Nov 21, 2023
You know that moment in the grocery store or on a family trip when your kid is driving you nuts, your blood pressure is rising, and suddenly, you open your mouth, and you hear your mother’s words and voice tumble out?
Even if we swore up and down that “I will never say X to my kids,” we’re human. When we’re stressed, especially with our kids, we go to what we know. And sometimes, that means echoing the words from our childhood experiences that may not be in alignment with our current-day values.
In the process of becoming Tech-Intentional™, it is important to look at the impact of our childhood experiences on our parenting. How we were parented and how we parent often affect the values we hold.
Years ago, I participated in a parenting class with my then-one-year-old son. One day, the instructor introduced something called “The Parenting Quadrant”:
This quadrant was adapted from the Positive Discipline Association’s parenting approach. It mapped out four different parenting styles:
the permissive parent
the authoritarian parent
the neglectful parent
the positive discipline parent
I hadn't thought about parenting styles until I became a mom. I figured there were some extremes, but for the most part, parenting was parenting. I couldn’t have been more wrong, but seeing this quadrant made me realize that there was so much more nuance to being a parent. For example, experiencing parental loss as a child might lead someone to be an anxious parent. Or someone whose parents were their best friends might make it hard to set boundaries as an adult.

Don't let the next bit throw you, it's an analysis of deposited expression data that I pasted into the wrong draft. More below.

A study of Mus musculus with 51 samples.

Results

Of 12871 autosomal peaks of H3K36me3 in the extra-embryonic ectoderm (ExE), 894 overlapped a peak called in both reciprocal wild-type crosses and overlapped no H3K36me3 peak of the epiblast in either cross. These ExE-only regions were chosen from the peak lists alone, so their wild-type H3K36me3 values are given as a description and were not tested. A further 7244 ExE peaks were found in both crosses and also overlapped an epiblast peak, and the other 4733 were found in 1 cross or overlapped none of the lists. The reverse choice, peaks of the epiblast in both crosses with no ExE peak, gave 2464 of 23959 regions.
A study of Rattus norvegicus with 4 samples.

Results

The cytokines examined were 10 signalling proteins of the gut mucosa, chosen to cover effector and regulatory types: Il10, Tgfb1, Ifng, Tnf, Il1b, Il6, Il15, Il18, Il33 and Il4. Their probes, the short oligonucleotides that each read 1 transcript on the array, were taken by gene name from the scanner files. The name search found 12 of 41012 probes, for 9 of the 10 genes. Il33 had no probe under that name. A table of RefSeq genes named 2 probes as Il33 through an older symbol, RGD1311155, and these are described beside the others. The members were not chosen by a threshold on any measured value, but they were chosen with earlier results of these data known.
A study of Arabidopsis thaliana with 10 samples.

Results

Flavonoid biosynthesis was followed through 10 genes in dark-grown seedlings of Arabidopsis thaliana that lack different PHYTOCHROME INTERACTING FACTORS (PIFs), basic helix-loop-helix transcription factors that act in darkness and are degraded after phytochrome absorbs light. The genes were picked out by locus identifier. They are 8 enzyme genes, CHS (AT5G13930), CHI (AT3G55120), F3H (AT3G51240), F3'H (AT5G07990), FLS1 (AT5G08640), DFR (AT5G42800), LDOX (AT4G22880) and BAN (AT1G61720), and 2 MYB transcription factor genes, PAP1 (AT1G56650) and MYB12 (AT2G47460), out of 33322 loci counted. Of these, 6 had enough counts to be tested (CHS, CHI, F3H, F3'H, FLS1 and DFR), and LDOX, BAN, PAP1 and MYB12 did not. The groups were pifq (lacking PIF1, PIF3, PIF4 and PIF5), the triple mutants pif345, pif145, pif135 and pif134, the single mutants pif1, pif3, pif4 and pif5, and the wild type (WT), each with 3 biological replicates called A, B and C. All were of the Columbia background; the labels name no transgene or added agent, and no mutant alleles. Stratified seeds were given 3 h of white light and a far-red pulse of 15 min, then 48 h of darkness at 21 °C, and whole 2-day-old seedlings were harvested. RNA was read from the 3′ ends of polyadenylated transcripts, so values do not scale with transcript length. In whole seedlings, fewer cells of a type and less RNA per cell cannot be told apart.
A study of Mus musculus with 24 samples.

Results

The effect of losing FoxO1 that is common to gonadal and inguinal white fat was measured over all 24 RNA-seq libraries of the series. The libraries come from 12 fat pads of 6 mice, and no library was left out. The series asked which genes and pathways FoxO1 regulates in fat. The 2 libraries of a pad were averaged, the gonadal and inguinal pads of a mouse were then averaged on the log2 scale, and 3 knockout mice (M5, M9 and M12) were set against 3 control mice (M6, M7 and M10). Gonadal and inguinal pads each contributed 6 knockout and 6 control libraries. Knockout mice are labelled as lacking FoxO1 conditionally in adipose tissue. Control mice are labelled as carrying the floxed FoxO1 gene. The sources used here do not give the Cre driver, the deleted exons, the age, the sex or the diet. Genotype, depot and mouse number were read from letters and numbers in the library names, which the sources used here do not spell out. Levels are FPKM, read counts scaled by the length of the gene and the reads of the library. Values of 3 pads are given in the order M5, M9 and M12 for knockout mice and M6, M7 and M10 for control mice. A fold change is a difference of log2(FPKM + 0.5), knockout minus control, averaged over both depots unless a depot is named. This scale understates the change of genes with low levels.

As the instructor explained more about the quadrant, I was struck by something: how I was parented influenced how I was parenting. It was, as they say, an aha moment (and maybe a “duh” one as well!).
Sometimes, to move forward, we must look back. Childhood can be a complex, messy experience. Many of us had parents who tried their best but made mistakes. Some of us had parents who were so in pain from their own bumps and bruises, both literal and figurative, that they could not be present for us as children. Sometimes, there was trauma and abuse.
When we become parents, whether we plan for it or not, we bring what we know to the table. Our child spills a glass of milk, and the scolding words tumble out of our mouths as we gasp, “I sound like my father!” We react to our child’s misbehaviors the way we were reacted to, whether that is with spanking, empathy, punishment, kindness, shaming, hugging, scolding, time-outs, or yelling. In moments of conflict, as parents ourselves, we instinctively go to what we know.
Yes, our childhood took place in a different era. Yes, things have changed. But we carry the experiences of our childhoods into those we provide to our children. Without conscious effort, practice, or therapy, overriding the old habits and hurts of our own experiences is very challenging. And, of course, screentime challenges are riddled with conflict and bring out many of our old habits and patterns.
A child’s negative behavior regarding screen use feels personal, but it isn’t always easy to know why. Their demands and desires to have more and longer time on devices feel like more than the television time we got as children, but it also seems like that’s just what kids do today. We can’t ask our parents how they navigated social media because it didn’t exist 20 years ago. Our screen use is part of our social lives and jobs in a way our parents’ generation never experienced.
Therefore, when our children arrive, we know only what we knew—only what was done to us. Even if we read all the parenting books out there, we apply them through the lens of our own lived experience. To become tech-intentional parents, we must understand how we were parented.
To learn more about the Parenting Quadrant and how it applies to screentime, check out Chapter 3 of The Screentime Solution, available for pre-order, with a January 9, 2024 launch date.